Mexican prisoners discuss drug smuggling

February 16, 2011 7:11:40 PM PST
Juarez, Mexico has become the world's deadliest city, with the drug cartels is responsible for literally thousands of killings there every year.

It is a dangerous and deadly place that we recently braved to get an inside look at the drug prisons, speaking with notorious drug cartel members.

The deadly crime scenes in Juarez are everywhere, every night.

In our short, two-day visit of walking these streets, more than a dozen people were gunned down. Every day the papers blare the ugly headlines, more assassinations, more police killings, more drug cartel violence.

Some cartel henchmen are captured, but most get away.

Those who are arrested and convicted are brought to the largest prison in Juarez and one of the toughest in Mexico.

After walking through several gates, through dimly lit tunnels, down stairwells and past dozens of heavily armed guards, we finally made it.

Behind a door and through additional gates, we are told, are some of the most ruthless, hardened, drug cartel thugs in Mexico.

"Why are you here in this prison? You killed someone?" we asked one inmate, whose name is Joaquin.

"No, it was drugs home," he replied.

"Everyone here is involved in drugs uh? And what did you do with drugs?"

"Violence."

"What kind of violence?"

Joaquin won't talk about the violence part -- too gruesome, he tells us privately.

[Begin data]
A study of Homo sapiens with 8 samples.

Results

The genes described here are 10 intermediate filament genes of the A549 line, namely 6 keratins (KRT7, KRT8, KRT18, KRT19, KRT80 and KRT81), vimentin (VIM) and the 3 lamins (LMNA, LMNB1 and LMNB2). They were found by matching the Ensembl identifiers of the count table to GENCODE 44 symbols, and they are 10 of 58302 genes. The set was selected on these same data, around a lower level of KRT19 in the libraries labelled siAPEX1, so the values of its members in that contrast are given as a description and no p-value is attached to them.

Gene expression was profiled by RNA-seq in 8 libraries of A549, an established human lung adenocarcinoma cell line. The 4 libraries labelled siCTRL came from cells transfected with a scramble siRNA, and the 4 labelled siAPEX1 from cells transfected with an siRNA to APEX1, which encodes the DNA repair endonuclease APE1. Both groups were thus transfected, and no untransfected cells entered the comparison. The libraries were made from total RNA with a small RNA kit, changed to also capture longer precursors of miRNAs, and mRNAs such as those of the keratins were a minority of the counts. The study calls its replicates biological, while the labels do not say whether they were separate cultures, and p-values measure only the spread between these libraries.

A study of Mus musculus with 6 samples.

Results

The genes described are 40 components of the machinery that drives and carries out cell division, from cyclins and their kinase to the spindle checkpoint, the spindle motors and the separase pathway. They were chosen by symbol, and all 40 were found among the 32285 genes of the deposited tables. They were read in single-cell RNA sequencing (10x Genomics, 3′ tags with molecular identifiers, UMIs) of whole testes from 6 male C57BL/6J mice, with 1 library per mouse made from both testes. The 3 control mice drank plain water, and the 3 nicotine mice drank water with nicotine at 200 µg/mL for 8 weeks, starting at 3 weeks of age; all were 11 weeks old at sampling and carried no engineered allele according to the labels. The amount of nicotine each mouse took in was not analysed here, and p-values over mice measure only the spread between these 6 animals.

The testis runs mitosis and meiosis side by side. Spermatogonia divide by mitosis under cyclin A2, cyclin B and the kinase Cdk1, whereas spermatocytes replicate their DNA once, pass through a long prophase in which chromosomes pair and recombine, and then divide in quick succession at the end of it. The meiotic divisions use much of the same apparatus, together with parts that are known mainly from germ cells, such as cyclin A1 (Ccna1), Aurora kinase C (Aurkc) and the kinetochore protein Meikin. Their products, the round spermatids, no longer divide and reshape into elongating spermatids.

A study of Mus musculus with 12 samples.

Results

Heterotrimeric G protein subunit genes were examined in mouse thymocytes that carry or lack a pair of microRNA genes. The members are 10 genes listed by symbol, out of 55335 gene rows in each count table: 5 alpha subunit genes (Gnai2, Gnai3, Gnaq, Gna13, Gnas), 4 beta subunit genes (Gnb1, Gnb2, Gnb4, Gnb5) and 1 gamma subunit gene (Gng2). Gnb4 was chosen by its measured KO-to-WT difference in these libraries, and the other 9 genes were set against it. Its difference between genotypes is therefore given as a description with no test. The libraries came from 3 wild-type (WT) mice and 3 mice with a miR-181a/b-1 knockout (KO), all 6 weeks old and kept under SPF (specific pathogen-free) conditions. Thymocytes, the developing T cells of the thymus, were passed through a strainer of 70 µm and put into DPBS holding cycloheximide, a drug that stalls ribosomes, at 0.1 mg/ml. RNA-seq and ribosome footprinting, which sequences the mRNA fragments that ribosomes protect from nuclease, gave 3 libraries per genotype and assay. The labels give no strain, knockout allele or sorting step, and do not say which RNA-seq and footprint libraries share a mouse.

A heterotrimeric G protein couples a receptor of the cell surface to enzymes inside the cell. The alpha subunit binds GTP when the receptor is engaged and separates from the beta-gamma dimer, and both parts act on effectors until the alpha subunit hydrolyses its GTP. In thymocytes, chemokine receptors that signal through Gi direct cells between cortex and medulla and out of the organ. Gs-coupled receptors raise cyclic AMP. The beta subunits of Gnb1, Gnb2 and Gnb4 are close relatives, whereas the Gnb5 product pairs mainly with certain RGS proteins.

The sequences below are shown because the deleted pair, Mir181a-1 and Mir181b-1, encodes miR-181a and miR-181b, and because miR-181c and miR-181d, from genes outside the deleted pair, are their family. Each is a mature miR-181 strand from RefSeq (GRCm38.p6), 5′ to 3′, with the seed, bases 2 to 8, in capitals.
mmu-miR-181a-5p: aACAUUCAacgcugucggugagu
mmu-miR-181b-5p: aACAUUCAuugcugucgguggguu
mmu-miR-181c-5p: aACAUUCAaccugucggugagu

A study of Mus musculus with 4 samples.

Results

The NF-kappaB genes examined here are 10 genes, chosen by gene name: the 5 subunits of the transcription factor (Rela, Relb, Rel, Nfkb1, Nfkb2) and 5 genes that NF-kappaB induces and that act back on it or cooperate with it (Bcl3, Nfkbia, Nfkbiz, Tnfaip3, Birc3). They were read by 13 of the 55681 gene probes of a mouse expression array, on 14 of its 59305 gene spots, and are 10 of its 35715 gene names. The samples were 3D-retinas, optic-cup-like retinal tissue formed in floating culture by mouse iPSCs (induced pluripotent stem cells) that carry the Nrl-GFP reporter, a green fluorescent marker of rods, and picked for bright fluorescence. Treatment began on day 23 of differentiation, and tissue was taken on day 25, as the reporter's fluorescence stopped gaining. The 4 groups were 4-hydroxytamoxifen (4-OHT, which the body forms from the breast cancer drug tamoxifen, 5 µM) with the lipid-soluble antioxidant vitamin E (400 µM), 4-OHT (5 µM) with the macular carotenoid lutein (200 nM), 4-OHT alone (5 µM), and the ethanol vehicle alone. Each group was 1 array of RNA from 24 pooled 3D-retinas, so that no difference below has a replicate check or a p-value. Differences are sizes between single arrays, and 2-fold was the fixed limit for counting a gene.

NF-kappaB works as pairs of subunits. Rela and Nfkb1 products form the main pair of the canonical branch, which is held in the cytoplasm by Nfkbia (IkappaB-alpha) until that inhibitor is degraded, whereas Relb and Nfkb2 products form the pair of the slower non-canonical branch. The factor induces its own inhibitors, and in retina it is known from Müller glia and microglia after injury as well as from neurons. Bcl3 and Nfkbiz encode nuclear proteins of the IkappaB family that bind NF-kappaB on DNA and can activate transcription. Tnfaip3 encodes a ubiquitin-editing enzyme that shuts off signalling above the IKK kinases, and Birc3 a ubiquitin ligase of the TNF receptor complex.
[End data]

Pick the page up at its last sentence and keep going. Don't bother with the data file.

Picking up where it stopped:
"So what do you think about the drug cartel. I mean, they're pretty powerful?" we asked Joaquin.

"I don't know. I mean that's not something I want to talk about."

"You don't want to talk about it?"

The cartel mafia has its fingers in every cell of this prison. Divulging too many secrets could be a death sentence.

Still, each of these prisoners has a horrifying story to tell about the cartel, the killings and the disturbing ties to Texas.

"Why are you here?" we asked another inmate.

"Because, uh, drugs," he responded.

"You were selling drugs? Um, selling to Americans?"

"Yes."

There are nearly 3,000 inmates in the Juarez prison, and most of them -- more than 90 percent -- are here because of the drug cartel. Some are involved in dealing, transporting, and even killing for the cartel.

"I'm here for murder," inmate Ricardo said.

"For murder? And who did you kill?"

"Somebody."

Ricardo doesn't want to talk about who he gunned down for the cartel. But on any given night in the city, drug violence is responsible for nearly 10 killings a day.

"How many people did you kill? One, two?" we asked Ricardo.

"I don't kill nobody, man," he replied.

"But you're here for murder."

"I here for murder but I don't kill nobody."

Last year, the cartel was blamed for nearly 3,500 murders in Juarez. A small handful of them were Americans.

"I want to go home, but I don't feel I did anything too bad, you know?" Joaquin said.

But even more troubling is that for every drug thug captured and thrown in this prison, are thousands more roaming the streets.

Wednesday night on Eyewitness News at Ten, we'll show you the Texas ties many of these drug lords have to Texas.